The Cardinals probably didn't think they were going to start a small controversy when they agreed to terms with Blaine Gabbert on Wednesday, but that's exactly what happened. 

According to, Arizona agreed to terms on a one-year deal with the veteran quarterback, who was signed to compete with Drew Stanton and Zac Dysert for the right to back up Carson Palmer

After news of Gabbert's deal came out, the controversy that followed had nothing to do with him and everything to do with another free agent quarterback: Colin Kaepernick

If you watched the 49ers play last season, it was pretty clear that Kaepernick was the best quarterback on a roster that also included Gabbert. That's not saying much, but it is saying that Kaepernick is better than Gabbert. 

With Gabbert now headed to Arizona and Kaepernick still waiting for a team to call him, many people took that as a sign that the NFL is blackballing Kaepernick, even if the teams say they're not. 

San Jose Mercury News columnist Tim Kawakami didn't necessarily think Kaepernick was being blackballed before, but now that Gabbert's been signed, he's pretty sure that it's happening, which seemed to be a general consensus across Twitter. 

The idea that Kaepernick's being blackballed is definitely believable. After all, he basically hasn't received a call since the beginning of free agency, even though he was arguably one of the top quarterbacks available this year. 

It's not crazy to think that teams are staying away from him because of his social activism and due to the fact that he kneeled during the national anthem last season. For the most part, NFL teams are risk averse, and they seem to view him as a risky signing. 

On the other hand, maybe we shouldn't be surprised that Kaepernick remains unsigned because there wasn't much demand for him before he turned to social activism. 

Back in April 2016, the 49ers were open to trading him, but there were literally zero takers, and that was before he started kneeling for the national anthem. Teams weren't too interested in him then, so it's not a complete shock that he's drawing little interest now.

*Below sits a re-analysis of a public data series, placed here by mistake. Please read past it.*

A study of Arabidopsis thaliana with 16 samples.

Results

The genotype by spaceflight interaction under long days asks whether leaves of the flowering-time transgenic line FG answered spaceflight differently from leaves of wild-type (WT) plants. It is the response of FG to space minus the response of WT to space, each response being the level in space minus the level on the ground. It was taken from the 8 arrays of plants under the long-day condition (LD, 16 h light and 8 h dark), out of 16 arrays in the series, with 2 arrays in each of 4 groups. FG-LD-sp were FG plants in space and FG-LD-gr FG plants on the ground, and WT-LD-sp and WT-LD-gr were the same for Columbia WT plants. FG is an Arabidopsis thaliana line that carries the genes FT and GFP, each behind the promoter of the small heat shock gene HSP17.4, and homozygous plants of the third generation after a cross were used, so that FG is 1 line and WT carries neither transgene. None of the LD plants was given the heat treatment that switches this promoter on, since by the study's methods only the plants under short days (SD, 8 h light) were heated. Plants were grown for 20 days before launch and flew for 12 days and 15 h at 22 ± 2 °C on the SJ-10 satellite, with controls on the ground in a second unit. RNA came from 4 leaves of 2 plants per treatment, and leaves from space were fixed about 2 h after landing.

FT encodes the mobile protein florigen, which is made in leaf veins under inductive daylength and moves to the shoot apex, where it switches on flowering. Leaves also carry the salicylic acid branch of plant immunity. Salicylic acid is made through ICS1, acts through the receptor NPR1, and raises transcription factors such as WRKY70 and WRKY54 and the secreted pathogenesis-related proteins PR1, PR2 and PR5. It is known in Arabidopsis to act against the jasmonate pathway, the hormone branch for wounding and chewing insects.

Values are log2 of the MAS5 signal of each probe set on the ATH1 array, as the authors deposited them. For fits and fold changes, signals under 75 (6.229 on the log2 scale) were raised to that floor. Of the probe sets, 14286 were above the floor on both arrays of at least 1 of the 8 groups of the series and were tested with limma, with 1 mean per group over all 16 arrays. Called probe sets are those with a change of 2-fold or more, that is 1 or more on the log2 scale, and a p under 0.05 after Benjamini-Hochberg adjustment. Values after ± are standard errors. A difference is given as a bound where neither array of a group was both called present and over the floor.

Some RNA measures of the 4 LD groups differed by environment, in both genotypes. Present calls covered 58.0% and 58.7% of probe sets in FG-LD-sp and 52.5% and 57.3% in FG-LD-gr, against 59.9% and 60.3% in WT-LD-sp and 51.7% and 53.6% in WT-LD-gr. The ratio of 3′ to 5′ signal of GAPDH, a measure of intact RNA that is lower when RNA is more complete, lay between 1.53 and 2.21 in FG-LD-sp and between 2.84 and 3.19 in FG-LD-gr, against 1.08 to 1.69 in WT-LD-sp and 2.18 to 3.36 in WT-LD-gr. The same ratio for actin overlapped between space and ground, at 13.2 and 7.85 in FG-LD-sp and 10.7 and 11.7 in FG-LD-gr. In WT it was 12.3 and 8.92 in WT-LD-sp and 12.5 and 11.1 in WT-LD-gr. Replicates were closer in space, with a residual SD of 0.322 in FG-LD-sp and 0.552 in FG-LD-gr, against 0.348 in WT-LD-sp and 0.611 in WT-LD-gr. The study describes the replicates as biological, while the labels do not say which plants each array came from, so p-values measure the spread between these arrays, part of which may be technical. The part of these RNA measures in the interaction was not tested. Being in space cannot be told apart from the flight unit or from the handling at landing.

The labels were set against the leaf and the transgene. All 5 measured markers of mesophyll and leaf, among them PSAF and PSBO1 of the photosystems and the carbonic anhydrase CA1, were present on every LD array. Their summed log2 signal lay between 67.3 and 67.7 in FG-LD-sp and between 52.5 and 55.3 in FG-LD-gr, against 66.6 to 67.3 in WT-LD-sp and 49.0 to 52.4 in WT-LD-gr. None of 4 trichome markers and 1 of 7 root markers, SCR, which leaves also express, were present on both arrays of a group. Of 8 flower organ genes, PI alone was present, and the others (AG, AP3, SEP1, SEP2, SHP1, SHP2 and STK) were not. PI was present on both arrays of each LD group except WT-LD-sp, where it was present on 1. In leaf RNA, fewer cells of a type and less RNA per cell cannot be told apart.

The two biggest issues keeping teams away from him in April 2016 were the fact that Kaepernick was coming off multiple surgeries and the fact that he had a contract that was due to pay him $14.3 million in 2016, $16.9 million in 2017, $17.4 million in 2018 and $19.2 million in 2019. (His contract was restructured in October, and he opted out of that deal in March). No team wanted that, so there was no market. 

This time around, things are obviously different, but it's probably not fair to equate Gabbert's signing with Kaepernick being blackballed. Gabbart's deal with Arizona is reportedly for the league minimum ($900,000). Kaepernick hasn't given any indication that he'd be willing to play for that amount of money, which means this wasn't a situation where the Cardinals picked Gabbert over him for the same amount of money. 

In this instance, the Cardinals had a budget and they found the best quarterback they could for the money they were willing to pay. If the Cards had given Gabbert a deal for $4 million to $6 million, this would be a different situation. 

Anyway, one person we haven't heard from on the Kaepernick situation is Kaepernick himself. If he were willing to sit down for one interview, he could clear a few things up. Reports have been all over the place about what Kaepernick wants to do with his life and how much money he's looking to make in 2017. 

The big questions with Kaepernick are: Does he definitely want to play football in 2017? Is he willing to be a backup? Is he willing to take a hefty pay cut or accept a contract that includes little guaranteed money up front?

The answer to question one seems to be yes, but Kaepernick still hasn't come out and said it. 

If the answer to each of those questions is yes, then it's likely that NFL teams are avoiding him. The more likely answer is that the teams that would be willing to sign him -- like the Ravens --- are the teams that don't need him right now (Ravens coach John Harbaugh is one of the few NFL decision-makers who's gone on the record in regards to the Kaepernick situation). 

The only upside to Kaepernick's ongoing free agency is that he's been able to stay busy: He helped to provide food and water for the people of Somalia, he donated his huge sneaker collection to charity, he sent a $50,000 donation to Meals on Wheels and he gave suits to men who had just been paroled. 

Not to mention Kaepernick made the decision to donate $1 million to communities in need of help.  

The former 49ers quarterback has helped more people this offseason than most of us will help in a lifetime. 

The bottom line is that if Kaepernick wants to play football this year, he should be able to, because he's definitely one of the 64 best quarterbacks in the sport.